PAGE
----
This sentiment is often erroneously attributed to Albert Einstein (https://quoteinvestigator.com/2019/09/0 ... 8%2C876.80.).

Even lacking the endorsement of the sage, compounding truly does produce fantastic results over multi-decade periods.

A stock investment held for 10 years returning 10.0% annually turns $10,000 into $26,000.

Over 20 years, $67,000.

Over 30 years, $175,000.

Back to TIPS.

Inflation is the 8th terror of Hades: compounding put in the

**.**

*denominator*Let’s take 4% as an uncomfortably high but plausible rate of inflation over the long term under moderately unfavorable circumstances in a developed country like the US.

After 10 years, inflation at 4% turns $10,000 in cash into $6,650 real.

After 20 years, you have only $4,400 of spending power.

After 30 years, $2,940.

**Conclusions**

1. The point of owning TIPS is best fulfilled by long TIPS—the longer the better, up to your life expectancy and a cushion.

2. Owners of SPIAs may wish to protect themselves with a TIPS insurance policy: an abbreviated ladder that commences, say, 10 years after the SPIA was taken out, and continues at least to joint life expectancy. Inflation is the ravager of the SPIA.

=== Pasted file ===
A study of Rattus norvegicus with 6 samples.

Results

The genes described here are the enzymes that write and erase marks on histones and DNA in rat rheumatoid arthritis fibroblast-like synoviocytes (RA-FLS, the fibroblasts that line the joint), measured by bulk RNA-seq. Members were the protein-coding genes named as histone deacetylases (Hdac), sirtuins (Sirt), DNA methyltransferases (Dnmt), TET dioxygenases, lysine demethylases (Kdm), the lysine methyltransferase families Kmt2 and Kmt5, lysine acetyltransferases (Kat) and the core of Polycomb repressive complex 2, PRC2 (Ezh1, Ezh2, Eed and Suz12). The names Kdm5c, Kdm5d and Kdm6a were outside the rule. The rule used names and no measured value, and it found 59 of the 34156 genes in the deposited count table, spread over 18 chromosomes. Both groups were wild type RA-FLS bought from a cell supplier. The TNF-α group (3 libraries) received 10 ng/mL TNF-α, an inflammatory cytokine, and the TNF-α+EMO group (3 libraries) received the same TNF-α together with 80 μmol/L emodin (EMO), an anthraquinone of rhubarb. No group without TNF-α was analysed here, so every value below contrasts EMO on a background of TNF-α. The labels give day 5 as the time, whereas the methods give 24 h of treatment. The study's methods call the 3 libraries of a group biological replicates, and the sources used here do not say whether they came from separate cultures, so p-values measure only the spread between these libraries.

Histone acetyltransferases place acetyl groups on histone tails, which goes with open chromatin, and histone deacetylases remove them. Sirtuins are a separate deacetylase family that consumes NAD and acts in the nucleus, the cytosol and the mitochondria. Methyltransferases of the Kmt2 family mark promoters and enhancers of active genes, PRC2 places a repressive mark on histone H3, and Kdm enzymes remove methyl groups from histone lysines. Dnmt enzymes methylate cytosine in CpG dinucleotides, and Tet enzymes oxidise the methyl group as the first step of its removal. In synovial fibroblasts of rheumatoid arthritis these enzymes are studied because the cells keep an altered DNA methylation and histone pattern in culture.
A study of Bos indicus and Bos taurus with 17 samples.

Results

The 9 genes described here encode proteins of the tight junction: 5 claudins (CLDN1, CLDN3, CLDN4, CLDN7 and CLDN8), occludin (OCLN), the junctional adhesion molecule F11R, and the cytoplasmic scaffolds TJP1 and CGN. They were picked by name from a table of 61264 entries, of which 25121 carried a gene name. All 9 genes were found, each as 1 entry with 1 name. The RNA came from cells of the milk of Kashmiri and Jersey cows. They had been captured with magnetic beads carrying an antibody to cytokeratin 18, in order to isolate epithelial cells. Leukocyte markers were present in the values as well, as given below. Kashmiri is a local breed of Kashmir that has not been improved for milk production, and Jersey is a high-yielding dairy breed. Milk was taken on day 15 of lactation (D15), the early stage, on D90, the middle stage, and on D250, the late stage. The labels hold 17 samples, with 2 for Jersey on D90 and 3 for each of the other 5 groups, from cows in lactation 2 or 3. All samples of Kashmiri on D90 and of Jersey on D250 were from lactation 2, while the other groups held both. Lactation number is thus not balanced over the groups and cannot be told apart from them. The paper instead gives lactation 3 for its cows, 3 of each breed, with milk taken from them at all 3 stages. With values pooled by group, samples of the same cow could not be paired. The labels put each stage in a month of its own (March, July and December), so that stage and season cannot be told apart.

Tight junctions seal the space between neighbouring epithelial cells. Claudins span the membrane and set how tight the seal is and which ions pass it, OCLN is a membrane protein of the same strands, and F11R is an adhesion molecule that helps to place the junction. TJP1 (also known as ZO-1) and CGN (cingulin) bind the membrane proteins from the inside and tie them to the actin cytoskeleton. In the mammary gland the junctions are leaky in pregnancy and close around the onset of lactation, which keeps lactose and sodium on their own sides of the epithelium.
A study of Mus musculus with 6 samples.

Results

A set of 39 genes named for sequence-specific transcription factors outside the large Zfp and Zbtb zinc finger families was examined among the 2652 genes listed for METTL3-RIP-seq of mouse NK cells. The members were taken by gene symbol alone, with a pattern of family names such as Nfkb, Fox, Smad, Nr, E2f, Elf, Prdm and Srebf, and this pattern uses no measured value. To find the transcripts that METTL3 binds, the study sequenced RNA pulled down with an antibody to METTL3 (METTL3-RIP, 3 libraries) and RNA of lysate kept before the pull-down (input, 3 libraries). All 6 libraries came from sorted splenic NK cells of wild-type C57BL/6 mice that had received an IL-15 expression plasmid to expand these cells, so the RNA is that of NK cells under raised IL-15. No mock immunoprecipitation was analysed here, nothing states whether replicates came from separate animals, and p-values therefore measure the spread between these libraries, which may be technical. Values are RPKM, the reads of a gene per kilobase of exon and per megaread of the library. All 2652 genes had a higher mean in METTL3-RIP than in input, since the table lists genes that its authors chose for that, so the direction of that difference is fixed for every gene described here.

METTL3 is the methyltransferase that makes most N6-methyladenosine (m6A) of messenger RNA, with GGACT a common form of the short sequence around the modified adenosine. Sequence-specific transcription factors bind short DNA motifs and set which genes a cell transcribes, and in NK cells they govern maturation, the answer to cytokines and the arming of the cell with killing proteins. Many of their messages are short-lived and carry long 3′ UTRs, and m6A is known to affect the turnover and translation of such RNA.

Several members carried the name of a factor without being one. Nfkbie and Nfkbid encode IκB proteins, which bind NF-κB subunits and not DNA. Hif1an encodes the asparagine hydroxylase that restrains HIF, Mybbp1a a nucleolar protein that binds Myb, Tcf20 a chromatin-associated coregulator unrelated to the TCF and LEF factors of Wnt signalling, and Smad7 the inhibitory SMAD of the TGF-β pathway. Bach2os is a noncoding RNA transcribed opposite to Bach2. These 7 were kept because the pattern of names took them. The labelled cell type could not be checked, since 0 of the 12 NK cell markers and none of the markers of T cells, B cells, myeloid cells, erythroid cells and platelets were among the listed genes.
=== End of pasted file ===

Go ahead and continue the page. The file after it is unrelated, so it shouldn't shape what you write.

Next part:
As a case in point, consider our own Taylor Larimore, who took out a pair of SPIAs early in his 80s, seventeen years ago. Consumer prices have gone up 48% in the interim; his payments, which will continue for as long as he lives, have already lost one-third of their purchasing power.

Had Taylor taken out the SPIA ten years earlier, in his early 70s, a more typical beginning age, his (smaller) payments would now have lost 50% of their purchasing power.

And that was over a 27-year period with one of the lowest inflation rates seen in the modern US, at only 2.6%.

I personally intend to annuitize some of my TIAA accumulation in my mid-70s.

And I will certainly lay in a stock of long TIPS as reinsurance on that “insurance” purchase.